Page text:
FFRF Opposes Mass Baptism at Georgia High School

Video of a mass baptism at a Georgia high school goes viral after its posted to Facebook.

Heritage High School in Georgia has landed in controversy after the school's football coach held a baptism ceremony on the premises. The baptism has drawn the criticism of people who are opposed to the showing of religious affiliations in school, especially from the Freedom From Religion Foundation (FFRF). Declaring the incident in Ringgold, GA illegal, FFRF recalls the courts have repeatedly reiterated their stand against religious ceremonies in public schools.

The ceremony was held in memory of Katie Beth Carter, a Heritage graduate. Carter passed away in a car accident over Labor Day Weekend. As a team manager and a cheerleader, she was a popular face at the school. Her brother, Jacob Carter, who is a practicing minister, conducted the baptism rituals. 11 students, plus the team’s coach, E.K. Slaughter, participated in the baptism. Jacob Carter said, "This is the craziest, coolest thing I've ever done and Katie would be so proud."

Slaughter thanked the volunteers for coming forward to be baptized. He addressed the gathering saying “you don’t realize characteristics that certain people have until you don’t have them anymore. And just reflecting over the last week with KB [Katie Beth] and just how loving she was and how servient she was,” Slaughter felt the baptism was the right thing to do.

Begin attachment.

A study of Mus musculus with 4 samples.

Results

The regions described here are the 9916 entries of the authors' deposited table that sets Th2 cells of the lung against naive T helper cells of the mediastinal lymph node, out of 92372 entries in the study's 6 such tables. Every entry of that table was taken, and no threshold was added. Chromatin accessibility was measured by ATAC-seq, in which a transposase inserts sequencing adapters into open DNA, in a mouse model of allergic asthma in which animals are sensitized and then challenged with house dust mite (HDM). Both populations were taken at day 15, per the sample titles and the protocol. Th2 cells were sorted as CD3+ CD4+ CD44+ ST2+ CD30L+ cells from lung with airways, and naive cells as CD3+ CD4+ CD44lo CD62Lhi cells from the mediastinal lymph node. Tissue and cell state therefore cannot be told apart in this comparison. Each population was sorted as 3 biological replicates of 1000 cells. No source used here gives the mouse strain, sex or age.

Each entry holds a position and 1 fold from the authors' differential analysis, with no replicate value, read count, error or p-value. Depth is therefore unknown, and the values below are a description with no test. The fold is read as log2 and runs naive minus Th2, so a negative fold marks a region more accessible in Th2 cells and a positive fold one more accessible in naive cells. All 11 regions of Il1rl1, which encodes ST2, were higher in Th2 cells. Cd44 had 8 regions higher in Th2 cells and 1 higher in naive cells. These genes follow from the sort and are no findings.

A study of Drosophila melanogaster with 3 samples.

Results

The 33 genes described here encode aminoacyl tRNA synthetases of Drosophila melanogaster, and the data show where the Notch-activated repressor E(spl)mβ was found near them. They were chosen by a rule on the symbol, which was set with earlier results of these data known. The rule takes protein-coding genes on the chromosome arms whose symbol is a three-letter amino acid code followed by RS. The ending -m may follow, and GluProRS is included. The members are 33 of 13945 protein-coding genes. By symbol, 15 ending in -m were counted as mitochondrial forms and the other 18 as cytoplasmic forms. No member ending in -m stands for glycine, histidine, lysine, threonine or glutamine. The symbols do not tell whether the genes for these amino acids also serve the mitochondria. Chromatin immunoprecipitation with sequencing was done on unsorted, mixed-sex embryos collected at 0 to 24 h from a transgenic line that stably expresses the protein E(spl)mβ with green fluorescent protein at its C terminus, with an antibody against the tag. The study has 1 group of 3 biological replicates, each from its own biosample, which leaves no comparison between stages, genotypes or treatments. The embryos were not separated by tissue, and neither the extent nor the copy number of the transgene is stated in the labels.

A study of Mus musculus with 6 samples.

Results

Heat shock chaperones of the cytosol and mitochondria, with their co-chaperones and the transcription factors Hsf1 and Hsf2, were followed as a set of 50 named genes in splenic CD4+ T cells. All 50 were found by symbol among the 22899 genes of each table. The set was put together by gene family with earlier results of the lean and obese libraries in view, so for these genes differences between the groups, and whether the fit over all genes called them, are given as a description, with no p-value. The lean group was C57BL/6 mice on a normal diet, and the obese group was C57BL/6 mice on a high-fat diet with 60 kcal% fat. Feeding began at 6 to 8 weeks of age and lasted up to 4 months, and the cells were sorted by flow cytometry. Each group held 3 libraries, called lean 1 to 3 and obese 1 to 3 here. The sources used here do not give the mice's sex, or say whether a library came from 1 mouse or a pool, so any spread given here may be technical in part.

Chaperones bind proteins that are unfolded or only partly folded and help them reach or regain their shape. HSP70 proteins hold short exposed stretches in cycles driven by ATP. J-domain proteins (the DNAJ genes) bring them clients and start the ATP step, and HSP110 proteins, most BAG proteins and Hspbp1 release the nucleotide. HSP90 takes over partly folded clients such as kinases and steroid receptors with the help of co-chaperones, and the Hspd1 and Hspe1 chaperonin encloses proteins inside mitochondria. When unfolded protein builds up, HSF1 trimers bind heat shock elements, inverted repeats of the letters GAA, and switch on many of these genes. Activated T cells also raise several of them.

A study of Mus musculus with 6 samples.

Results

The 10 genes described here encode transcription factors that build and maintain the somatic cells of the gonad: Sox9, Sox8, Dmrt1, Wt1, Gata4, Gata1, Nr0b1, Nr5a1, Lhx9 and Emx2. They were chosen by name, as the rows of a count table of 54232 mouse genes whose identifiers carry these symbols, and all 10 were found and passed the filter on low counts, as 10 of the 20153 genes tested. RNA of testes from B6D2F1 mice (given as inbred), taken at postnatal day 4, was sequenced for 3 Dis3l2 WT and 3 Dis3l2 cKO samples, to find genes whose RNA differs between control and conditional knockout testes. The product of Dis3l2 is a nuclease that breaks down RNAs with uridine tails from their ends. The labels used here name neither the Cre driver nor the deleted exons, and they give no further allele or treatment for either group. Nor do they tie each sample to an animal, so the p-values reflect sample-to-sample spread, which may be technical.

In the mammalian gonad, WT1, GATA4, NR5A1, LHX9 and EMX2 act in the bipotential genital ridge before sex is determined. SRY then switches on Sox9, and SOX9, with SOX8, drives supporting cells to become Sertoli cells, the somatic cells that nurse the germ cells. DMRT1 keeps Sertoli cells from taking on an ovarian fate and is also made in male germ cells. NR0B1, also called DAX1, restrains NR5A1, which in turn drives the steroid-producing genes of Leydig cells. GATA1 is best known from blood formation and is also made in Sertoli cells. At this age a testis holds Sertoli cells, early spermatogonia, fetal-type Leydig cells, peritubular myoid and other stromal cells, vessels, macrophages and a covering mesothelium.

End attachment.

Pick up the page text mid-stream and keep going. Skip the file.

The ceremony was recorded by Carter's sister, Kimi. The video went viral on Facebook with over 800 shares has more than 47,000 views. People who shared the video took the baptism as a sign that divine forces are still at work in the school.

The FFRF heavily slammed the school for allowing the ceremony to take place. The organization says it understands the loss of someone is a very tragic matter and they too feel sorry for her friends and relatives. However, they condemned the way in which her memory was honored. The FFRF argued there was no need to conduct a religious ceremony at a public school to honor Carter.

This is the second time the FFRF has come in direct opposition with religious forces in Ringgold. In 2001, the organization submitted a request to the mayor to take down the Ten Commandments, The Lord's Prayer and the Blank Wall from the City Hall. They argued the former two were not secular and had elements that endorsed only one system of belief. On the other hand, the blank frame that was kept for people from other religions was 'insulting' and heavily marginalized the non-Christians.